Sunday, May 27, 2018

Loss of Life in Ireland

You’ve probably heard that the fight to save Ireland’s eighth amendment went down in defeat on Friday. The margin in the vote to embrace abortion was about the same as when the Irish adopted same-sex marriage in 2015: two-thirds for, one third against.

Only one county—Donegal—voted to preserve the ban on abortion, and just barely (52%). The BBC website reports that "Since the result was declared, Donegal has received a barrage of abuse on social media for becoming the 'red mark' on the map, just as Roscommon did following the same-sex referendum."

According to the stats at one news source, across Ireland the only age group to stand up for life was composed of those over 65.

This horrifying outcome would have shocked me less if I had understood the secularization of Ireland that has occurred in the last 30 years or so. I read this morning that regular church attendance among Catholics in Ireland dove from 90 percent in 1984 to 18 percent on 2013. (The massive sex scandals among the Irish clergy surely did not help.)

When same-sex marriage was set to appear on the ballot, nearly all priests and bishops remained silent. And speaking of leadership, has anyone, found an article on any efforts made by the Vatican to influence this latest vote and preserve Irish babies? On the day of the vote, one Irishman commented on an online article about the whole issue: "Haven't heard one peep from the Pope about the abortion referendum being held here today." Other commenters were less restrained in denouncing Rome's conspicuous silence.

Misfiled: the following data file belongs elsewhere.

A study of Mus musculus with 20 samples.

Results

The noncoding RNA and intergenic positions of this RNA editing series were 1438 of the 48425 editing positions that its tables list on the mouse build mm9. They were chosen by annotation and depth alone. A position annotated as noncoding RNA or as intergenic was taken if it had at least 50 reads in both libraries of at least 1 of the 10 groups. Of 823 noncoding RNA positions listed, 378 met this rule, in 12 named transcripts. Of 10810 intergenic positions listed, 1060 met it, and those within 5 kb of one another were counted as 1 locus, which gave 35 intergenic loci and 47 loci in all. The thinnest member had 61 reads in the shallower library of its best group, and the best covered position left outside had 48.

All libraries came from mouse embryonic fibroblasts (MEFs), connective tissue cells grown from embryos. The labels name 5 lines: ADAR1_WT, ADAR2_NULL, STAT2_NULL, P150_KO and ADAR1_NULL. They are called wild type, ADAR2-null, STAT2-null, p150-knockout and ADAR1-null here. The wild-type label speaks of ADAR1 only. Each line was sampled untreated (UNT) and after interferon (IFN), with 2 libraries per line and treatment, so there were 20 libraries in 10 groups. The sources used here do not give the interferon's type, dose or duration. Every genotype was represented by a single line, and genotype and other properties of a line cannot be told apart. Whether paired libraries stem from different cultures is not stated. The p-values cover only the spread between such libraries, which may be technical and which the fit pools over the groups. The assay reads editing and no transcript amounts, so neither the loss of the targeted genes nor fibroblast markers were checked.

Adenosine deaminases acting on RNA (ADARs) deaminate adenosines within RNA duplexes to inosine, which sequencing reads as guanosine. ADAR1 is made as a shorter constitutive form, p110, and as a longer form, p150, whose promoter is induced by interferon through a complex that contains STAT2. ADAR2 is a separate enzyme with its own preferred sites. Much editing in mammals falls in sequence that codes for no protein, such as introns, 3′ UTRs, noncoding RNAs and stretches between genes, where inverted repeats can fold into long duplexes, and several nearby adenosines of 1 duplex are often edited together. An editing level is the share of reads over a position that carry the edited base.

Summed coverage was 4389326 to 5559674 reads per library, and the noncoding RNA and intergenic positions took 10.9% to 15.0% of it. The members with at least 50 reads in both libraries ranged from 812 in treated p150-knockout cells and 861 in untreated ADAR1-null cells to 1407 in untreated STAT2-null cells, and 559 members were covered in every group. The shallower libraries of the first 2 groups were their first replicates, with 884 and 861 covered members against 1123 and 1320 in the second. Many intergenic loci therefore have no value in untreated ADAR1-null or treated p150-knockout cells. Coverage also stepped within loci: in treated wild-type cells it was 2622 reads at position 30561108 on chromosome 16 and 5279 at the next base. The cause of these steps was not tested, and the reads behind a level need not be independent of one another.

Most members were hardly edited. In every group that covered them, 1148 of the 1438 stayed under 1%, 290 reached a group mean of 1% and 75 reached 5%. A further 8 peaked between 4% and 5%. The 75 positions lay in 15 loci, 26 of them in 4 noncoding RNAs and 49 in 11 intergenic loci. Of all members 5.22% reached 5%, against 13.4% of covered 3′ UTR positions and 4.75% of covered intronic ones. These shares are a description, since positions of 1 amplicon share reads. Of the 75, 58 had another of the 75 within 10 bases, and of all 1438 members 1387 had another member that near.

So, despite our prayers, it is little wonder that God let the Irish have what the great majority of them have been asking for, deeply sad as that is.

I will be thinking of the people of Donegal who stood by their faith and now must cope with being part of a country that has abandoned its Christian conscience, leaving them feeling, as one priest put it, "like foreigners in their own country."

One gentleman named Fionan Bradley, as he exited Mass,  talked with a BBC reporter in the wake of the vote. "I'm so proud of Donegal. We stood up when it was a hard thing to do, especially for younger voters . . . If they start opening private [abortion] clinics we will protest--that's all we can do. We'll make sure women know they can get help in other ways."

It is interesting to note that abortion remains illegal in Northern Ireland. Maybe those folks should start thinking about building their own wall along the southern border.